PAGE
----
Hospitality workers ‘unaware of negative implications’ of National Living Wage

Hospitality workers are unaware of the “dire economic implications” that the new National Living Wage (NLW) may have, claims a new study.

The study – from job site CVLibrary – claims that hospitality workers are “eagerly anticipating” the boost in wages from the NLW which comes into effect on 1 April, yet remain unaware of the negative implications on jobs that it may have.

The survey of over 1,000 UK workers, found that hospitality workers are among the most supportive of the NLW, with 80.6% believing it will have a positive impact overall.

When asked why the living wage will be beneficial, sector workers said; “I will personally earn more money” (37.9%); “It will be better for the economy as a whole” (31%); and “the current minimum wage is not fair” (27.6%).

The study said it is “unsurprising” that making more money is a key concern for industry professionals, as 59.5% of hospitality workers are earning the current minimum wage, and of those 80.9% are either unable to save money or are in debt.

In addition, the research revealed that hospitality workers are largely unaware of the negative implications that critics say the NLW will have for small to medium-sized enterprises (SMEs). Some 47.2% in the industry admit to being unaware, compared with just 35% nationwide.

Meanwhile, 91.7% believe SME job creation is important to the UK economy, and despite supporting the rise in wages, 75% believe it will be a threat to SME staff and a further 47.2% think it could result in a hiring freeze.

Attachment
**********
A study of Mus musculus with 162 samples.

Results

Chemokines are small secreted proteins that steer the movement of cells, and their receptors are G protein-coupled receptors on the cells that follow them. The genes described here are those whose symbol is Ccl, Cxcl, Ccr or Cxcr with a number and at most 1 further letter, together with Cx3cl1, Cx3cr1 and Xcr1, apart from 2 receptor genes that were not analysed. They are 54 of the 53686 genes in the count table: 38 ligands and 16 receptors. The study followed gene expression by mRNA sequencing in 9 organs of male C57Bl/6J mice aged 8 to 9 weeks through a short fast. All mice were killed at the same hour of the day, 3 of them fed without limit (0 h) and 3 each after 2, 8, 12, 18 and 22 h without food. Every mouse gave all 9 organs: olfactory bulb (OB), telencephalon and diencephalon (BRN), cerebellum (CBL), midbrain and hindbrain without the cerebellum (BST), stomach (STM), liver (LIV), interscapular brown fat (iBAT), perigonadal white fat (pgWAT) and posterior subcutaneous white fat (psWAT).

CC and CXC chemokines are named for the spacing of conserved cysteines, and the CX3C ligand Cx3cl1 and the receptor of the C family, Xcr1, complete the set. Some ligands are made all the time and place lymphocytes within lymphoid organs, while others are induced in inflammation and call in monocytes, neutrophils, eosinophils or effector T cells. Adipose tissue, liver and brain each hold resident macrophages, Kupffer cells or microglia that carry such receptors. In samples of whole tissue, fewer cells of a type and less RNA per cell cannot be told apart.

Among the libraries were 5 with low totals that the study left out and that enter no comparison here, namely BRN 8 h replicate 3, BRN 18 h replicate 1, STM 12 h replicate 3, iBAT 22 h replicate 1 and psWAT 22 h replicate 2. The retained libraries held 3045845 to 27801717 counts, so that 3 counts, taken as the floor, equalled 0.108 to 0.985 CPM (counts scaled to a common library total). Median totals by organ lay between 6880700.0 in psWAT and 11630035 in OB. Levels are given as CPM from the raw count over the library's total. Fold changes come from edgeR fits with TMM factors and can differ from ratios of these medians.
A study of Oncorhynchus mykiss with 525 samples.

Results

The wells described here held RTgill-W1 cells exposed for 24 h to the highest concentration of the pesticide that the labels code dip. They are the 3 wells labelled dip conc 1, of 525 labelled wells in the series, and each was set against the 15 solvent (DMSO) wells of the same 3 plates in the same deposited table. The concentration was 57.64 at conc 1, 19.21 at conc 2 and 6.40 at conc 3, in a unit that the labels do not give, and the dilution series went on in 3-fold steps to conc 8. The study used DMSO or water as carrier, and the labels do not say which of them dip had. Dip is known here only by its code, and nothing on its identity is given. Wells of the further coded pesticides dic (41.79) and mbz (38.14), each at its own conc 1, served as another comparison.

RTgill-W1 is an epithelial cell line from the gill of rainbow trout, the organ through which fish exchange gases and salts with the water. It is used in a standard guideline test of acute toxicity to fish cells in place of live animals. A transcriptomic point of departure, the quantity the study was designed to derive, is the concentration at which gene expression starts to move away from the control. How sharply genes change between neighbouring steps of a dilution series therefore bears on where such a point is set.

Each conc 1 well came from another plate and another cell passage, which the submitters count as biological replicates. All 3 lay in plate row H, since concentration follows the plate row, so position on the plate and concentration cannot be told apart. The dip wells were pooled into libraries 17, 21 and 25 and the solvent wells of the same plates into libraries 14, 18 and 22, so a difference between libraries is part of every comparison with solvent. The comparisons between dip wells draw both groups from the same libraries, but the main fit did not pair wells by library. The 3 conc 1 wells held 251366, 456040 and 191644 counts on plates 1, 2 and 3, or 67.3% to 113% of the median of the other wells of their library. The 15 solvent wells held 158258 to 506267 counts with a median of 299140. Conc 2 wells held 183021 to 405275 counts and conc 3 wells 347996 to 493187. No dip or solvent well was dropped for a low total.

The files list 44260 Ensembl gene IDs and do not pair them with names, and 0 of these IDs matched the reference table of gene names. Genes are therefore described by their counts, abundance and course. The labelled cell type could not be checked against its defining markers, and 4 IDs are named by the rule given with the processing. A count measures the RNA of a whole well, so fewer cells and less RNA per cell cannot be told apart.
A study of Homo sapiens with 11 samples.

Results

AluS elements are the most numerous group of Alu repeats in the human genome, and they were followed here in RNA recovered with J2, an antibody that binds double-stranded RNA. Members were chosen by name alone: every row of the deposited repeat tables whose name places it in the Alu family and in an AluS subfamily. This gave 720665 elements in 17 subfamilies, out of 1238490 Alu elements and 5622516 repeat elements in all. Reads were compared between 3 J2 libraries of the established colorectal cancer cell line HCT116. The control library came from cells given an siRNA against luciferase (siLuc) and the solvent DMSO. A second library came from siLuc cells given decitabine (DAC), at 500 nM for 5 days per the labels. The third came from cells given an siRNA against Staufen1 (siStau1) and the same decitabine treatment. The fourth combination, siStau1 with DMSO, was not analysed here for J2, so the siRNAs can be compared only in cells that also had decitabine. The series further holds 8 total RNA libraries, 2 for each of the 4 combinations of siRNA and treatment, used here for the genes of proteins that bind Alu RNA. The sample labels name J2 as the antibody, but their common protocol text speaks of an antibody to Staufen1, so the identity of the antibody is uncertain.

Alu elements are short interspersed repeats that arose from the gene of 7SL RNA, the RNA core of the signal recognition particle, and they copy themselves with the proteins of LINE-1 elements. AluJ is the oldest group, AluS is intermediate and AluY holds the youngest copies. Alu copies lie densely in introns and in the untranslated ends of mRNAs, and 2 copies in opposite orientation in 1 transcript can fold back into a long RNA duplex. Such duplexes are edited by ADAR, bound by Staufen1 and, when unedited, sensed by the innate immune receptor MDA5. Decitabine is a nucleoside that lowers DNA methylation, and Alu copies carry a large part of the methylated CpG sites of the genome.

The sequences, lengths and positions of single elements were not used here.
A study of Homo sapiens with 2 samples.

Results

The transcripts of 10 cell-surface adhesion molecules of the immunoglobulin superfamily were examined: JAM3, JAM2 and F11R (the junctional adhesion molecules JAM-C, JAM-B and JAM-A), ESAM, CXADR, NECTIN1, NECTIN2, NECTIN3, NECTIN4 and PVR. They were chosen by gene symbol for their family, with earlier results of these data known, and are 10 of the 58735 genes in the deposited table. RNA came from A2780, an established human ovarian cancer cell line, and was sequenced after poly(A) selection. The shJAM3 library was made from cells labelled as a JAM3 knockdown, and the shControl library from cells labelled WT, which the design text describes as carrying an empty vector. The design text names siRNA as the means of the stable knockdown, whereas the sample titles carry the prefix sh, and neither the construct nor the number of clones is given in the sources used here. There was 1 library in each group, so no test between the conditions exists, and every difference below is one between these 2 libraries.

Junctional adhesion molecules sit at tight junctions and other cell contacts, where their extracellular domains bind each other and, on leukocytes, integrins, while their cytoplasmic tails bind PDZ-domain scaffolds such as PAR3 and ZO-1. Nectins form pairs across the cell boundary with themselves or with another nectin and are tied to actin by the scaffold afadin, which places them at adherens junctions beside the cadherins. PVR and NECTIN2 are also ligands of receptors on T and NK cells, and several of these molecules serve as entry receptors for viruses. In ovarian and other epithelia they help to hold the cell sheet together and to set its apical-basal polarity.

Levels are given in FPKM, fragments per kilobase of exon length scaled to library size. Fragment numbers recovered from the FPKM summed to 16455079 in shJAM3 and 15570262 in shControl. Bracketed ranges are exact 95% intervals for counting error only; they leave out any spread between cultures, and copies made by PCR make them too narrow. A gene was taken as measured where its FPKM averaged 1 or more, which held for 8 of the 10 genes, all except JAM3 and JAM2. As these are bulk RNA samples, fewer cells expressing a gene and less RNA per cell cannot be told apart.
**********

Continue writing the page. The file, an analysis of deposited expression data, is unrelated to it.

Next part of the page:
Lee Biggins, founder and managing director of CV-Library, said: “With the new National Living Wage being implemented next week, it’s clear that there is a divide in those that understand how it will affect current and future job prospects, and those that don’t.

“What we do know is that hospitality employers need to ensure they understand how the regulation affects them personally, including the implications of failing to pay a worker what they are legally entitled to and the potential need to reduce headcount to fund the extra expense.”

He said that many sector professionals are employed by smaller companies, but these individuals could be “left in the dark” if SMEs don’t prepare for the impact of pay increases on jobs.

He added: “If these organisations want to retain top talent and find the right candidates to help their businesses grow, they will need to communicate effectively with current employees about the changes and invest in an effective recruitment strategy to ensure they remain competitive in an ever-crowded labour market.”